Our subject tonight is one you likely know well. Politics. This, of course, comes from the greek "poly", which means many, and "ticks", which are bloodsucking parasites. We recently hired (elected) another group of ticks to hopefully not suck all the "blood" from our wallets.
I wonder how many citizens actually approach their vote as being one to "hire" an official to perform a duty. I see few other ways to view this act. However, there is one logical reason that a citizen would not have this perspective. When you engage the services of someone, whether it be a contractor or an employee, you have to investigate the qualifications of that person and pay for their services. You must satisfy yourself that the task you ask them to perform will be accomplished and that the price you pay is commensurate with the value you receive. This is a principle of a free market and a free people.
How does this explain a citizen's view on an election? Well, if an individual pays no price for one's services, there is no cost to them if they do not fulfill their responsibility. The argument can be made that everyone incurs a cost when public officials do not fulfill their responsibilities and I can't disagree. However, it has been proven time and time again that humans predominantly act in their own self-interest. Therefore, the price most people pay for politician's services is taxes. If one were to pay no taxes, what immediate cost do they bear for electing one person over another? None.
Some of you may be surprised (hopefully not) to learn that approximately 40% of Americans pay no income tax at all. How then, I implore you, does one extend a "tax break" to 95% of all Americans? This is accomplished by wealth redistribution. In other words, stealing from Peter to pay Paul. To extend the logic above, this would result in pretty solid support from Paul, wouldn't it?
In my profession, I have to keep up on political happenings as it directly effects the services I provide my clients. It is not uncommon for people to spend a great deal of time and energy trying to avoid taxes. These people are usually very productive people...likely the most productive people. These are type of people that provide jobs, innovate products, and give to charity.
Why should we give people incentive to engage in activities that are clearly non-productive (i.e. tax avoidance)? I have heard alot in this election cycle about "fairness." In the tax code, what would be more fair? To illustrate this, let's look at two people who benefit from the same national defense, the same judicial system, the same law enforcement, and the same public infrustructure. One spends $10,000 a year to hire professionals to ensure they are in compliance with the many laws and regulations our society has, but does not actively use the court system, and the other is in and out of the judicial system due to breaking many laws and regulations and defended by a state appointed attorney. It would seem reasonable that the latter person would be responsible for a greater share of taxes (the cost of public resources) than the former. However, I am sure you can all recognize that would not be the case.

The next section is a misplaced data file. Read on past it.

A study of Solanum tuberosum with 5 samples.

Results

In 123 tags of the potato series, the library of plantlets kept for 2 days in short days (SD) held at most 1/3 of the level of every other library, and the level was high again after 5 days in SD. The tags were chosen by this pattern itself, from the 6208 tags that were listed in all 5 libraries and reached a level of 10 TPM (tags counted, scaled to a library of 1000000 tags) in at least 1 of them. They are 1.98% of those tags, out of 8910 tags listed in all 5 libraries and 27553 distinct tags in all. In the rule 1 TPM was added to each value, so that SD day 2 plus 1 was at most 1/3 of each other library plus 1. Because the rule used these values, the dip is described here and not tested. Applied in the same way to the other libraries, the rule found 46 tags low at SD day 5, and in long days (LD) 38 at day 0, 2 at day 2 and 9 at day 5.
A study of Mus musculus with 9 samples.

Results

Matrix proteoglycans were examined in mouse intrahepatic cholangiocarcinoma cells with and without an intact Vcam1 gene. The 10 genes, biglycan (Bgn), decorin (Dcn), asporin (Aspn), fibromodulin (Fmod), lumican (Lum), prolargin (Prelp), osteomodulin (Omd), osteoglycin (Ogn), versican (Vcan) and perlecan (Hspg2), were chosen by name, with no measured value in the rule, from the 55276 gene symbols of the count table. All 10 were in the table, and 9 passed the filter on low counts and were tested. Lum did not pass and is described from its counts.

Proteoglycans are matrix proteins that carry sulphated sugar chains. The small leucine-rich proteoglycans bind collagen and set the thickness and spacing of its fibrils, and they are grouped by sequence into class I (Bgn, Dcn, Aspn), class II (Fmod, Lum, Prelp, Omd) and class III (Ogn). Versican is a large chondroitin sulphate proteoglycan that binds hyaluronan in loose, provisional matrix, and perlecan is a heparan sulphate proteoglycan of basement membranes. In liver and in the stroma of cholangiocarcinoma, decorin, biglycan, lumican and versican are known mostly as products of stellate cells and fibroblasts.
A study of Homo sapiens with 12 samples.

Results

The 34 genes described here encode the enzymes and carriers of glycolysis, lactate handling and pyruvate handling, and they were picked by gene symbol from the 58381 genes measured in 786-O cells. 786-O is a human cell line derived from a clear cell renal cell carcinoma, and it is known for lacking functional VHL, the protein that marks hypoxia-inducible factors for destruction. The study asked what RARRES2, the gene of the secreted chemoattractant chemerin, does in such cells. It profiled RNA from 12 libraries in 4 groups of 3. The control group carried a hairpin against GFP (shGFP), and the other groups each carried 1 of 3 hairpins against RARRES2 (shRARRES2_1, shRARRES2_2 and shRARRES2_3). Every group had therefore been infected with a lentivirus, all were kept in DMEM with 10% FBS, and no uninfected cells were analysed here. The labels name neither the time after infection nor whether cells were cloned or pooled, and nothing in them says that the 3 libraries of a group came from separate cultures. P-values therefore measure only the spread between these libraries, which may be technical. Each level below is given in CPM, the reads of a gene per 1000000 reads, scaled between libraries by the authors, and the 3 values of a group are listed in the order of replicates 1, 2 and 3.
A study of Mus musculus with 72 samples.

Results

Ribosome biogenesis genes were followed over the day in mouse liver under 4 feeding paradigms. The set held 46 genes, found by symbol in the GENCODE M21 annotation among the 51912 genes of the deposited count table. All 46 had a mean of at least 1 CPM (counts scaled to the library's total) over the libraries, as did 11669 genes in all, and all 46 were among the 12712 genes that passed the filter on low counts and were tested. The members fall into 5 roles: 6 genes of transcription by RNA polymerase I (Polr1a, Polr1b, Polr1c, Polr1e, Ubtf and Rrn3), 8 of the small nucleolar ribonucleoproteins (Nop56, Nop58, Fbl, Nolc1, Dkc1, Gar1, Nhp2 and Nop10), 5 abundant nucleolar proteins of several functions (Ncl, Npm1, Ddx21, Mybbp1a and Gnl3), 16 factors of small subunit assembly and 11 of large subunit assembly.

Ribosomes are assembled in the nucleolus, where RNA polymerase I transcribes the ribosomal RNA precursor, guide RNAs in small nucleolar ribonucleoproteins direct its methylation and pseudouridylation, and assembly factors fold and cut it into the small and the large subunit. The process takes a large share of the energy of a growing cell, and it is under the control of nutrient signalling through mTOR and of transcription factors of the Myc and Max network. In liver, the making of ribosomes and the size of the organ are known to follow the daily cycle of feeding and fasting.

Now the government has decided that they should loan money to the domestic automakers. Why? The biggest reason I have heard is that they are "too big to fail." This is as weak an argument as might exist. The other one I have heard is that "we bailed out the banks, why not the automakers?" I guess when you make one stupid decision, you may as well continue making stupid decisions because you have a track record.
Why is Detroit in this predicament? To be very simple, they are not making a profit. If my business was failing, I would certainly like someone to loan me money to continue to lose money and pay my bills as I produced my product at a cost higher than that which I could sell it. However, no one in their right mind would do this.
Of course, the government isn't lending their money. They are lending OUR money. Ponder this for a moment...there are 300 million people in the country...the loan to GM is almost 10 billion...So...each american just loaned GM $33. Except over 40% of americans don't pay income taxes. So those that do pay taxes each just loaned GM $55. This is on top of the types of services we NEED to pay for that I mentioned above.
Needless to say, I have read reports from economic experts who put the amount GM would need to actually retool and become profitable at 75 to 125 billion! Do the math...that is up to over $5,000 per taxpayer. Is this really a good idea?
Oh, and since Congress has done such a good job for us...they get a $4,600 raise too. Honestly, I'm not sure how to make this right as there is no simple answer, but shouldn't we at least not give money away to failing businesses.
If GM entered bankruptcy, their assets would not disappear. The buildings and machinery they own would not disappear. They would be purchased by someone who could use them and make a profit. The workers employed by GM would likely be hired by whomever purchased these plants OR they could find training for an occupation that does not need government subsidy to survive.
I suppose I could go on and on about this as the issue has multiple sides and is a terribly dynamic issue. However, businesses fail and are started every day. Jobs are destroyed and created every day. Allowing the Big three automakers to meet their demise, or at least enter bankruptcy, is the only efficient way to allow the companies to become competitive and profitable, if it is possible. American taxpayers are on the hook for enough debt already through the essential and (more troubling) careless spending of government. We do not need to add to that debt.